Stories from the Field
As horrible as the news has been in Ukraine, the church there and abroad is rallying in prayers for the Lord’s mercy and praise to God’s power and providence over even current events.
“This verse has been on my mind the last few days,” one of our partners in Ukraine named Nina said in the wake of Russia’s first attacks.
World Challenge’s partners in Kenya are helping abandoned kids create a better future.
Joshua was very young, probably not yet a teenager, when he was abandoned to live on the streets of Kenya’s capital city. Sadly, that’s not uncommon. It’s estimated that there are as many as 300,000 kids living on the streets in Nairobi and other big cities across the country. Those kids lead difficult lives. Consistent meals are hard to come by, and fights and violence are very common.
World Challenge’s partners in Kenya are providing refuge for girls threatened with forced child marriage.
For many young girls in parts of Kenya, the questions of who and when they marry is not up to them. A legal battle against child marriage has been fought for decades in Kenya. Underage marriage was banned in 1990 and was more heavily criminalized by a law passed in 2014, but that has done little to stop the practice.
“Rejoice in the Lord always; again I will say, rejoice. Let your reasonableness be known to everyone. The Lord is at hand” (Philippians 4:4-5, ESV).
Scriptures often discuss celebration, and God actually instituted several holidays for his people to rest and worship him. The art of celebration is a regular practice in the Old Testament, and it is echoed in the future wedding feast of the Lamb discussed in Revelation.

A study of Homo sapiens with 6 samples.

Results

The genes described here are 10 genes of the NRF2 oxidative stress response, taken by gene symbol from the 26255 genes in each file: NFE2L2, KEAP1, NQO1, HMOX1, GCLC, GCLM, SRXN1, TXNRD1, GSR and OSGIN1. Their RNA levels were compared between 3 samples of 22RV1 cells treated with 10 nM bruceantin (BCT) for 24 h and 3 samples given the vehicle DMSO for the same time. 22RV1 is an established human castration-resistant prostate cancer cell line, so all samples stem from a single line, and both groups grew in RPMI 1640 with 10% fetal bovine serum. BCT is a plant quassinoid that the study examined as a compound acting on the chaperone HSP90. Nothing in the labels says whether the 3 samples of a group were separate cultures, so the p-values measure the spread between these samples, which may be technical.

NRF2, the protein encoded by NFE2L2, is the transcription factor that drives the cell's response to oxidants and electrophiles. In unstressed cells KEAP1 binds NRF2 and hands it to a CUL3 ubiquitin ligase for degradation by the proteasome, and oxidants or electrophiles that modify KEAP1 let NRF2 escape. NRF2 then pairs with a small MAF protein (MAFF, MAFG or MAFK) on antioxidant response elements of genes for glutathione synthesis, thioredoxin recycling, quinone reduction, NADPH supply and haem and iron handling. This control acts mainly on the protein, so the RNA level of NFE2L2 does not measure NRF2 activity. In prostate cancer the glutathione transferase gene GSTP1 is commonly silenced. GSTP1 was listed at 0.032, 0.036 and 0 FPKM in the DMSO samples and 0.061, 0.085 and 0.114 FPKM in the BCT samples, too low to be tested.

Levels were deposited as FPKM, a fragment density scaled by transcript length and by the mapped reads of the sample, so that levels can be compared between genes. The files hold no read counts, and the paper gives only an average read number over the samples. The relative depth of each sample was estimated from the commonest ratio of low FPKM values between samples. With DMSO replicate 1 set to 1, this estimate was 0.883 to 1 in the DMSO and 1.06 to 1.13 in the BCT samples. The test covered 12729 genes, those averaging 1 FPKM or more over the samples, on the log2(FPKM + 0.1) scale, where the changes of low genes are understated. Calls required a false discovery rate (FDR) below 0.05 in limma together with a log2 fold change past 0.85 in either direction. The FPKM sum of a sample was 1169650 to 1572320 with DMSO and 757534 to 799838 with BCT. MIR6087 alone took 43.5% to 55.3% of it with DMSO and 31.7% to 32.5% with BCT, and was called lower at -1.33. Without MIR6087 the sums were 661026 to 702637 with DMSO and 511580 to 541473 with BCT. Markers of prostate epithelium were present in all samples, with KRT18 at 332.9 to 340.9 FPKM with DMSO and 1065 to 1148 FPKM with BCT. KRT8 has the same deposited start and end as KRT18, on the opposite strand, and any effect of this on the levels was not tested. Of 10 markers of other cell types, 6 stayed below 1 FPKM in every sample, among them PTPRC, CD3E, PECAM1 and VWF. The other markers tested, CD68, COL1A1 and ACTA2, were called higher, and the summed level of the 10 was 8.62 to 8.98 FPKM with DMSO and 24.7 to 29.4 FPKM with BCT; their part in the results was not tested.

No matter how great the obstacles, God continues to call his own out of the darkness into the light of new life.
A few nations in Southeast Asia have had some of the world’s strictest Coronavirus lockdowns, which has made ministry very difficult for the past two years; but as we’ve seen worldwide, God has in no way been limited by the lockdowns or other restrictions.
One community in Cambodia is taking biblical concepts and using them to start proactively transforming their village for the better.
How often do you give thanks for a good road? If we’re being honest, most of us would likely admit that we’ve spent more time cursing the occasional potholes of our city streets than we’ve spent thanking God for the miles of smooth, solid roads linking those potholes.